Growing up in the long shadow of a parent is difficult enough, let alone growing up in the footsteps of one of the twentieth century’s most influential singer/songwriters. Hank Williams Jr. was born surrounded by his father’s legacy, and he first took the stage to perform Hank Williams’ songs.
In the 1970s, however, Hank Williams Jr. forged his own musical direction and solidified his own place in country music history. After playing with southern rock artists like Waylon Jennings, Toy Caldwell, and Charlie Daniels, Williams Jr. produced his breakthrough album.
Titled Hank Williams Jr. and Friends, the singer/songwriter officially broke from his father’s influence with the 1975 record. Then seven years later, Williams Jr. released his most signature single, “A Country Boy Can Survive.”
We came from the West Virginia coal mines / And the Rocky Mountains, and the western skies / And we can skin a buck, we can run a trotline / And a country boy can survive / Country folks can survive, Williams Jr. sings on the track.
On the surface, these lyrics glorify a southern, middle-class lifestyle. Yet, cultural and personal influences swirl under the surface of “A Country Boy Can Survive.”
Williams Jr. was not, in fact, born in West Virginia, the Rocky Mountains, or even under the western skies as he mentions in the song. The country artist was born in Shreveport, Louisiana. Consequently, these lyrics seem to be speaking to a larger phenomenon of the ’80s, outside of Williams Jr. himself. More specifically, Williams Jr. is boldly upholding the country boy and country folks as the champions against urbanization.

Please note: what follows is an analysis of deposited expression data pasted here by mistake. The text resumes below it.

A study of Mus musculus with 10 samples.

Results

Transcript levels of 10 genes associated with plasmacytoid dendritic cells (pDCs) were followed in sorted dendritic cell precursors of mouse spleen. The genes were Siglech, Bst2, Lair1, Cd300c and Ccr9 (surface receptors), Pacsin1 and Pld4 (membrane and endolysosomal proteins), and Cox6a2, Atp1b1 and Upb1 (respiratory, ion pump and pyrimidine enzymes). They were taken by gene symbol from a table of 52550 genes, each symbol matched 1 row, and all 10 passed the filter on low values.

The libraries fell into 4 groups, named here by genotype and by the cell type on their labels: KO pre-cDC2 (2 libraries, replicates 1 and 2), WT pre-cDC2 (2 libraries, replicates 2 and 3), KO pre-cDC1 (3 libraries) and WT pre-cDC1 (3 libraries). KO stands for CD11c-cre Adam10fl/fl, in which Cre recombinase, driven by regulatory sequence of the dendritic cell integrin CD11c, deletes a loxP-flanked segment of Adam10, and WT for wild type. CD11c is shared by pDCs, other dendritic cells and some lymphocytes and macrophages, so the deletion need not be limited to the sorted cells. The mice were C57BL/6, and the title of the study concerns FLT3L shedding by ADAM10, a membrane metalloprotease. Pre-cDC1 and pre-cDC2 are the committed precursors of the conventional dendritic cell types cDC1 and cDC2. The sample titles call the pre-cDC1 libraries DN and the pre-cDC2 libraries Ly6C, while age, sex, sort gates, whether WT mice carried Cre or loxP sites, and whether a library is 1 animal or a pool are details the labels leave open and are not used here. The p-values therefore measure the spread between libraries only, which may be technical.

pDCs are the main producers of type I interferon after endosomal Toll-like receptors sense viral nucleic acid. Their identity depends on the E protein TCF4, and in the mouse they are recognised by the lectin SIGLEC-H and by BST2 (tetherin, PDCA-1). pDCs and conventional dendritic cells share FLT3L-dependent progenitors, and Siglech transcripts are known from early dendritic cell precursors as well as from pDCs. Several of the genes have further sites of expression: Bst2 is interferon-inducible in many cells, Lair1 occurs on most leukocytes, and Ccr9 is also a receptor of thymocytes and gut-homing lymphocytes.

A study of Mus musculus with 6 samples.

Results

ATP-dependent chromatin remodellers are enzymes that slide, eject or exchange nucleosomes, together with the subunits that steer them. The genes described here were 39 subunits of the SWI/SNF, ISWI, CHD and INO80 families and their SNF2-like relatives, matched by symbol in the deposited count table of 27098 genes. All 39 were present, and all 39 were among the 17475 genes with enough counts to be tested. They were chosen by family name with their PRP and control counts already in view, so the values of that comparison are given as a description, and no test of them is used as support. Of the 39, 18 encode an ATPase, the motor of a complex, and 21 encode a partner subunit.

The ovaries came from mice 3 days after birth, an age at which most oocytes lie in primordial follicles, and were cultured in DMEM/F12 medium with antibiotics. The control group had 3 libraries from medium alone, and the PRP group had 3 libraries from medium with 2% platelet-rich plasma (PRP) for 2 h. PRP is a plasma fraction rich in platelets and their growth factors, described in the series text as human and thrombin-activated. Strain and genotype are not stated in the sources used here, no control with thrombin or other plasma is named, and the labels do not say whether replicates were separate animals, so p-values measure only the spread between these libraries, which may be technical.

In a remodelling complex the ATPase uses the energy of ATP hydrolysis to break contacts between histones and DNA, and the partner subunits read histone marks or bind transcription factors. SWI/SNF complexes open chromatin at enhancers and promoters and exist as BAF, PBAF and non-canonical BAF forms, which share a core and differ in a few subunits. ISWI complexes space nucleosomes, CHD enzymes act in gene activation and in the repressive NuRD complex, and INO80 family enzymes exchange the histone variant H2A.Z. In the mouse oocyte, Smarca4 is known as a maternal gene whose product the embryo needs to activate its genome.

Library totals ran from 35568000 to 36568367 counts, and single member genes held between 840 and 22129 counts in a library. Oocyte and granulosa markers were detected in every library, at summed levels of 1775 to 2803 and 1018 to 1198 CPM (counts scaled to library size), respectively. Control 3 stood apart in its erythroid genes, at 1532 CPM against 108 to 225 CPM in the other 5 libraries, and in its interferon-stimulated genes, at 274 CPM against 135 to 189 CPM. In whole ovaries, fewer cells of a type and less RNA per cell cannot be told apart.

I had a good friend in New York City / He never called me by my name, just Hillbilly / My grandpa taught me how to live off the land / And his taught him to be a businessman, Williams Jr. sings.
He used to send me pictures of the Broadway nights / And I’d send him some homemade wine / But he was killed by a man with a switchblade knife / For 43 dollars, my friend lost his life.
Williams Jr. continues to lean into this idealization of country living over that of the big city. ‘Cause you can’t starve us out and you can’t make us run / ‘Cause we’re them old boys raised on shotguns, he sings.
Part of this intensity may also be due to Williams Jr.’s near-death experience in southwestern Montana in August 1975. While climbing the Ajax Peak on the continental divide, Williams Jr. fell on a rock after the snow beneath him gave way. He suffered several facial and skull fractures from the fall, and he eventually had to relearn how to sing. This event and Williams Jr.’s subsequent recovery empowered the country singer.
“A Country Boy Can Survive” resonated with innumerable music fans, and the song peaked at the number two spot on the Billboard Hot Country Singles charts in March 1982.
After the song’s initial success, Williams Jr. released another version of the track titled “America Will Survive” after the tragedy of 9/11. The country music artist also joined the ranks of Country Music Hall of Famers this past year as a member of the Country Music Hall of Fame Class of 2020.